The West Azerbaijan Community sent a letter to UNESCO Director General Audrey Azoulay.

APA reports that the appeal signed by the leadership of the community, intellectuals, cultural and artistic figures, poets and writers from Western Azerbaijan states the following:

"Deeply concerned about the destruction of Azerbaijani cultural heritage in Armenia and repeating the previous appeals of the Azerbaijani public to UNESCO, we once again ask you to send a fact-finding mission to monitor the state of Azerbaijani cultural heritage in Armenia.


Our organization, established in 1989, deals with the protection of the rights of Azerbaijanis expelled from the territory of Armenia.

Azerbaijanis have been completely expelled from Armenia, where they once constituted an absolute majority.

Their historical and cultural heritage, including mosques and cemeteries, in the territory of present-day Armenia were destroyed on a massive scale.

The Armenian government has destroyed or damaged the tangible and intangible cultural heritage of Azerbaijan through its direct actions and propaganda promoting ethnic discrimination against Azerbaijanis.

The destruction occurred before, during and after the military aggression of Armenia against Azerbaijan.

Almost all of the Azerbaijani cultural heritage in Armenia was destroyed in a pre-planned manner without the influence of military operations.

In other words, the driving force behind the destruction of Azerbaijan's cultural heritage was the systematic racial discrimination policy of the Armenian government aimed at creating a mono-ethnic and mono-cultural space, and unfortunately, these hateful goals have become a reality.


The illegalities committed by Armenia against the cultural heritage of Azerbaijanis include misappropriation and distortion of heritage samples.

The Blue Mosque in the capital Yerevan, which is the only surviving mosque in Armenia, is deliberately misrepresented as a "Persian mosque".

In fact, the people who built the mosque and worshiped there for centuries were Azerbaijanis, who constituted the absolute majority in the city at that time.

Moreover, presenting a mosque as belonging to one ethnic group is disrespectful to our religion, which does not divide places of worship by ethnicity, but unites all people regardless of race or ethnicity.

The Armenian government continues to erase the last traces of Azerbaijani culture there.

Tepebaşı neighborhood of Yerevan is the only part of the historical center of the city that has survived to this day.

This quarter holds the historical memory of Yerevan from the 17th century until today.

The neighborhood of Tepebaşı, historically inhabited by Azerbaijanis, is now under threat of destruction.

Armenian authorities are about to completely demolish the neighborhood.

Armenia's policy of discrimination and ethnic cleansing has had a devastating effect on Azerbaijan's intangible cultural heritage.

For example, the ethnic cleansing carried out by Armenia against Azerbaijanis in the Goycha district caused an irreparable wound to the Goyche ashiq school, which is the mainstay of Azerbaijani ashiq art, which was included in the Representative List of the Intangible Cultural Heritage of Humanity by UNESCO.

The Armenian government even demonstratively destroyed the monument and grave of Ashiq Alasgar, a prominent representative of Azerbaijani ashiq art, in his native Goyche.

The destruction and damage of Azerbaijani cultural heritage by Armenia violates our cultural rights, especially our right to contact and use cultural heritage.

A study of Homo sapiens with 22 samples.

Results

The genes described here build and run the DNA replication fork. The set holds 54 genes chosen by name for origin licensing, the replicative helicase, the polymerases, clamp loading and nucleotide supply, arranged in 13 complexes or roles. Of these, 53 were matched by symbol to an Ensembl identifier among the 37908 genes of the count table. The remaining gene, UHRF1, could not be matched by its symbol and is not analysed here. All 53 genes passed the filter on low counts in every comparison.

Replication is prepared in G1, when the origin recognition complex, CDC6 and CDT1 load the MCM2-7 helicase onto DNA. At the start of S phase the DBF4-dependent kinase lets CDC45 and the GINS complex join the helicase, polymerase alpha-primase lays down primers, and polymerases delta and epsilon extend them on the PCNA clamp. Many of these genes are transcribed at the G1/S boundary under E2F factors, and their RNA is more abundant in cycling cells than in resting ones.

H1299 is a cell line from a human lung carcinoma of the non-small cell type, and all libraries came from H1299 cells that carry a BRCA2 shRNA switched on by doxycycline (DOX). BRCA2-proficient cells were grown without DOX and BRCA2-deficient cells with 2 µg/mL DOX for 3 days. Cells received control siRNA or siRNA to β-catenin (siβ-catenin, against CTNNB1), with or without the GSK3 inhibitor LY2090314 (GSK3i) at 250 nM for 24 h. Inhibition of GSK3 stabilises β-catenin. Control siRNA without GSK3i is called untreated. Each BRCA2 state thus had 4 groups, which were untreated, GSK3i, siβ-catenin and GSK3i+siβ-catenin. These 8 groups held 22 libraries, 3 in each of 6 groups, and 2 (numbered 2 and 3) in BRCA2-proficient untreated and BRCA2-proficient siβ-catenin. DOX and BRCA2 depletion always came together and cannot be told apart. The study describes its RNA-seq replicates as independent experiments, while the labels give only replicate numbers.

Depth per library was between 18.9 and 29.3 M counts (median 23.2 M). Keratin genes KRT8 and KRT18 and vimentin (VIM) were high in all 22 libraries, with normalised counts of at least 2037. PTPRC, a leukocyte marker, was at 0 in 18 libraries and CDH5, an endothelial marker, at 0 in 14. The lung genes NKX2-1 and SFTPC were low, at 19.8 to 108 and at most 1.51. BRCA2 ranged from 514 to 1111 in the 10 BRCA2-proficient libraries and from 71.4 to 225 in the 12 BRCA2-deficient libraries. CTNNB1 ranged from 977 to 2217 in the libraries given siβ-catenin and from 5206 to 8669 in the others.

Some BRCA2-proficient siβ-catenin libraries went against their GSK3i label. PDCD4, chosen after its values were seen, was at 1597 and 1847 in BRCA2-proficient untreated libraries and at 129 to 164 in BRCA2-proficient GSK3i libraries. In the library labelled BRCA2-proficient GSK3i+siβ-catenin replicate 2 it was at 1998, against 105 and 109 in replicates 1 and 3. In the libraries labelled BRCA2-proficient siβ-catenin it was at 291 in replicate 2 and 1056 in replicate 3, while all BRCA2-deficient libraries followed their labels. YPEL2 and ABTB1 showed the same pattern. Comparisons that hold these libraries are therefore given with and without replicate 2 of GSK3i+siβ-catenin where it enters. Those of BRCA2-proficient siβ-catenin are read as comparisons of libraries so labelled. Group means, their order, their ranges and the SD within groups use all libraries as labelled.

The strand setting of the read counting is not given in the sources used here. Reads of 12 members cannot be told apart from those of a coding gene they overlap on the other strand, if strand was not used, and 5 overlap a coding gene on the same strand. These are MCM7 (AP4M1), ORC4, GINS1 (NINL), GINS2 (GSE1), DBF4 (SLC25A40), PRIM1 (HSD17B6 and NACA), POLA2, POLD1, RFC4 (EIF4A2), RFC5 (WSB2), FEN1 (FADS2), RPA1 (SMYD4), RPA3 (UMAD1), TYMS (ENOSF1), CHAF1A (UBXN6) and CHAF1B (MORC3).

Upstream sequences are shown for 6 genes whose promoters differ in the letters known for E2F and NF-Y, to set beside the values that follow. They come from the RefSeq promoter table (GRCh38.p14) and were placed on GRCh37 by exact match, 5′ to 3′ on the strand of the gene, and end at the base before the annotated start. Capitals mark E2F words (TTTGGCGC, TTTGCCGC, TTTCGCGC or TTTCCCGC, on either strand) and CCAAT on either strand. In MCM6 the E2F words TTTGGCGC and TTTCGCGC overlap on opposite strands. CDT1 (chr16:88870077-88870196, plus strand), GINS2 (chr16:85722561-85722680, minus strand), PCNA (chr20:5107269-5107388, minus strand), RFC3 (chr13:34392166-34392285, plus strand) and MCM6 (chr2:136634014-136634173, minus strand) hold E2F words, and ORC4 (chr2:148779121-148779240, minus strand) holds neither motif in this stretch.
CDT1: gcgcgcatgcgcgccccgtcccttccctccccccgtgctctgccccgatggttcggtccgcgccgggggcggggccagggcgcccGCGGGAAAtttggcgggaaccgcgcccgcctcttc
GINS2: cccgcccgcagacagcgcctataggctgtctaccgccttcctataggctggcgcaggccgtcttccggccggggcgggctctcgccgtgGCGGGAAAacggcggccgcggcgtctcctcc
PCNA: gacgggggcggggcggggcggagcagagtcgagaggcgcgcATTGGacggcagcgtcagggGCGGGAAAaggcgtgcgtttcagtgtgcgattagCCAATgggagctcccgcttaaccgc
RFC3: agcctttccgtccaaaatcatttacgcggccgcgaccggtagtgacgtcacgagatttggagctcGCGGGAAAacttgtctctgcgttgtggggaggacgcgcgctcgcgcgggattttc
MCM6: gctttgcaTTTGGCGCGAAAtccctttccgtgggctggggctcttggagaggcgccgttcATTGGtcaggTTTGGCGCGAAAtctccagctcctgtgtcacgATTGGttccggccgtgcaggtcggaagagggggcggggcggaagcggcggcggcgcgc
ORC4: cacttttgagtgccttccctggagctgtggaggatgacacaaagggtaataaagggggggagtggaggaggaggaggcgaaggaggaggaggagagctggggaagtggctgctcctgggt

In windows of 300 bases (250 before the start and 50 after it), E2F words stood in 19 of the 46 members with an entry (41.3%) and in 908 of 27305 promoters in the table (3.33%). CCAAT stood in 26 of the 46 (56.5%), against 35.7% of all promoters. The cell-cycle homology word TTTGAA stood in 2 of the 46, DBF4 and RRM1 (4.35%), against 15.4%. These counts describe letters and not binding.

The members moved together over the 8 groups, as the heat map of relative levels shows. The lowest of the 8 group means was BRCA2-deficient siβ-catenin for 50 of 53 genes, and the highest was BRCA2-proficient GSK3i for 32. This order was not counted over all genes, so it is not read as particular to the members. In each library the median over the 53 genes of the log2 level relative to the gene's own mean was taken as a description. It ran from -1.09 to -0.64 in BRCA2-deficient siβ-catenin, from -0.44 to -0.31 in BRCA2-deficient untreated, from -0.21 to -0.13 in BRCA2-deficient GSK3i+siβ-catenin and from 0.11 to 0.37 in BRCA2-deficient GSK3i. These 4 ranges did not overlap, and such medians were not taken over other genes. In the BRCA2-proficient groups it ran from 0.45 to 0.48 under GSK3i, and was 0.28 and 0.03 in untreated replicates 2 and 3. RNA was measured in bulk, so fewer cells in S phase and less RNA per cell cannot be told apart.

Violation of this right threatens stability, social cohesion and cultural identity and seriously impedes dialogue, peace and reconciliation as a factor aggravating regional security.

We are fighting for the safe and dignified return of Azerbaijanis expelled from Armenia to their homes in accordance with the rights and fundamental freedoms recognized in the Charter of the United Nations and the Universal Declaration of Human Rights, and for the provision of their collective and individual rights upon their return.

This, among other things, requires Armenia to fulfill its obligations under international law regarding the restoration, protection and maintenance of Azerbaijani cultural heritage and property there.

The protection of cultural heritage is not only a requirement of international humanitarian law, but also of fundamental rights recognized in the Universal Declaration of Human Rights.

Benefiting from cultural heritage is one of the key elements of the approach to the dignified return of displaced people.

Cultural rights, that is, human creativity in all its diversity and the provision of conditions for its realization, development, access, preservation and protection, are an integral part of our fundamental rights.

Armenia is obliged to ensure this right before, during and after our return.

With all this in mind, we ask for UNESCO's support in restoring and protecting our cultural heritage.

Sending a fact-finding mission to this country to assess the state of Azerbaijani cultural heritage in this country, as well as how Armenia complies with its international obligations regarding the protection of cultural heritage and cultural rights, would be an invaluable contribution to the elimination of damage to the cultural heritage of humanity as a whole, and thus to the achievement of sustainable peace.

"Our organization is ready to cooperate with UNESCO in the implementation of activities in the direction of evaluation, restoration, maintenance and protection of Azerbaijani cultural heritage in Armenia, ensuring the cultural rights of Azerbaijanis expelled from Armenia to use their cultural heritage."

It should be noted that a copy of the appeal was sent to His Excellency Mr. Vaclav Balek, the Chairman of the UN Human Rights Council, and Ms. Alexandra Khantaki, the UN Special Rapporteur in the field of cultural rights.